The Dry Eye Zone

Rebecca's Blog


This is the sort of thing that makes me wish I'd ever learned something about statistics. I don't know how to translate this. To someone as ignorant as me it could be anything from validating the usefulness of the tool to politely saying it's just a marketing gimmick stupid. Somebody with a mathematical bone in their body care to comment on what 33 means here?

Reproducibility and repeatability of the OcuSense TearLab™ osmometer.

BACKGROUND:
Some studies report that increased tear osmolarity is a reliable indicator of dry eye syndrome (DES). The OcuSense TearLab™ osmometer requires less than a 100-nl sample of tears and provides an instant quantitative result. Our aim was to clinically evaluate this instrument in terms of its reproducibility and repeatability.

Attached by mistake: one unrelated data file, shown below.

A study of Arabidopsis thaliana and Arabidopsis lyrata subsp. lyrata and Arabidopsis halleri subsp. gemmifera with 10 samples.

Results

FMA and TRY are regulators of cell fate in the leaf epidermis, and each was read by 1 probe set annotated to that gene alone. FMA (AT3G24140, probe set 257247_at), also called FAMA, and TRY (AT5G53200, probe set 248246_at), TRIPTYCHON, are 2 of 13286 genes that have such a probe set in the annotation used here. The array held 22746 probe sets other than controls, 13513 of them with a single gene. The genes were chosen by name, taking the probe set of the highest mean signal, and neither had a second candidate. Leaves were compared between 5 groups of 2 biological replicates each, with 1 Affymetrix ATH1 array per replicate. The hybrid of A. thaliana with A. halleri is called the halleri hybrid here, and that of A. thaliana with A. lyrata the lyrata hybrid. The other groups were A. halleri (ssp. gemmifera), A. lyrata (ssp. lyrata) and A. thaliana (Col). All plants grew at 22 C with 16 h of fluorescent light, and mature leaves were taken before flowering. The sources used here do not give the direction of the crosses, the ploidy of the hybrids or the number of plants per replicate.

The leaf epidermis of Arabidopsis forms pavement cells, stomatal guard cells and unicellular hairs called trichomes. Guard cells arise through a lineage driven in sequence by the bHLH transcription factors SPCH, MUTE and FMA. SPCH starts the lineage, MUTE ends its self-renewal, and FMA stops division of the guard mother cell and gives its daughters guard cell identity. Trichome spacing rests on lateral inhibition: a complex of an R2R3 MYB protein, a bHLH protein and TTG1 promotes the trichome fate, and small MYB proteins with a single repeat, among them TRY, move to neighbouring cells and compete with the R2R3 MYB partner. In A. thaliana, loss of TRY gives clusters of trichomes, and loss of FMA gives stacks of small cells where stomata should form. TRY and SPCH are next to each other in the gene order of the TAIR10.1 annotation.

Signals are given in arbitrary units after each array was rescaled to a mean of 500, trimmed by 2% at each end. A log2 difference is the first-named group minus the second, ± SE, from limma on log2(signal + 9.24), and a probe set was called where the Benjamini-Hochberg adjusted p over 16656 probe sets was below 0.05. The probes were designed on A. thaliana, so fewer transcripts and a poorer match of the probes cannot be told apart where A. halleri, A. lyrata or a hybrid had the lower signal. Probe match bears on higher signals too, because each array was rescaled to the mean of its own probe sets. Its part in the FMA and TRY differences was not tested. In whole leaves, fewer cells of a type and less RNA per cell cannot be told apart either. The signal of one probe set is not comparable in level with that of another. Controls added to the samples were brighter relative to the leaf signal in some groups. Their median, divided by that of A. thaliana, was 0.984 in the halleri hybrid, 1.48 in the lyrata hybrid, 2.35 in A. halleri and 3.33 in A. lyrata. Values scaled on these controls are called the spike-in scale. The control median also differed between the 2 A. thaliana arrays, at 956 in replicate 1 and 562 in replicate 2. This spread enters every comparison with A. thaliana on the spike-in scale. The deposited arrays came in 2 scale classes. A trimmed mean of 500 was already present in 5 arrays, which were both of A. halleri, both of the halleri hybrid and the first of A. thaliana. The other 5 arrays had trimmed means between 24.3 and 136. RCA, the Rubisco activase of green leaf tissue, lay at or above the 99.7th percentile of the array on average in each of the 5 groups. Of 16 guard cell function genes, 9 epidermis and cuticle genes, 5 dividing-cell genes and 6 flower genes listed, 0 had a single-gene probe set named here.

METHODS:
Twenty-nine participants who ranged in age from 19 to 49 years (mean ± SD: 23.3 ± 5.5 years) were recruited. Osmolarity readings were collected by two operators, in two sessions separated by 1 or 2 weeks in order to assess test reproducibility and repeatability.
RESULTS:
The coefficient of reproducibility was 39 mOsms/l; the coefficient of repeatability was 33 mOsms/l.
CONCLUSIONS:
Our mean coefficient of variation over four readings for 29 subjects is 2.9%, which compares well with that reported by the manufacturer. Our results inform practitioners about the level of change over time that can be considered clinically relevant for healthy subjects. This value is 33mOsms/l; any change smaller than this could be attributed to measurement noise.



Graefes Arch Clin Exp Ophthalmol. 2012 Feb 21. [Epub ahead of print]
Eperjesi F, Aujla M, Bartlett H.
Source
Ophthalmic Research Group, School of Life and Health Sciences, Aston University, Birmingham, B4 7ET, UK, f.eperjesi@aston.ac.uk.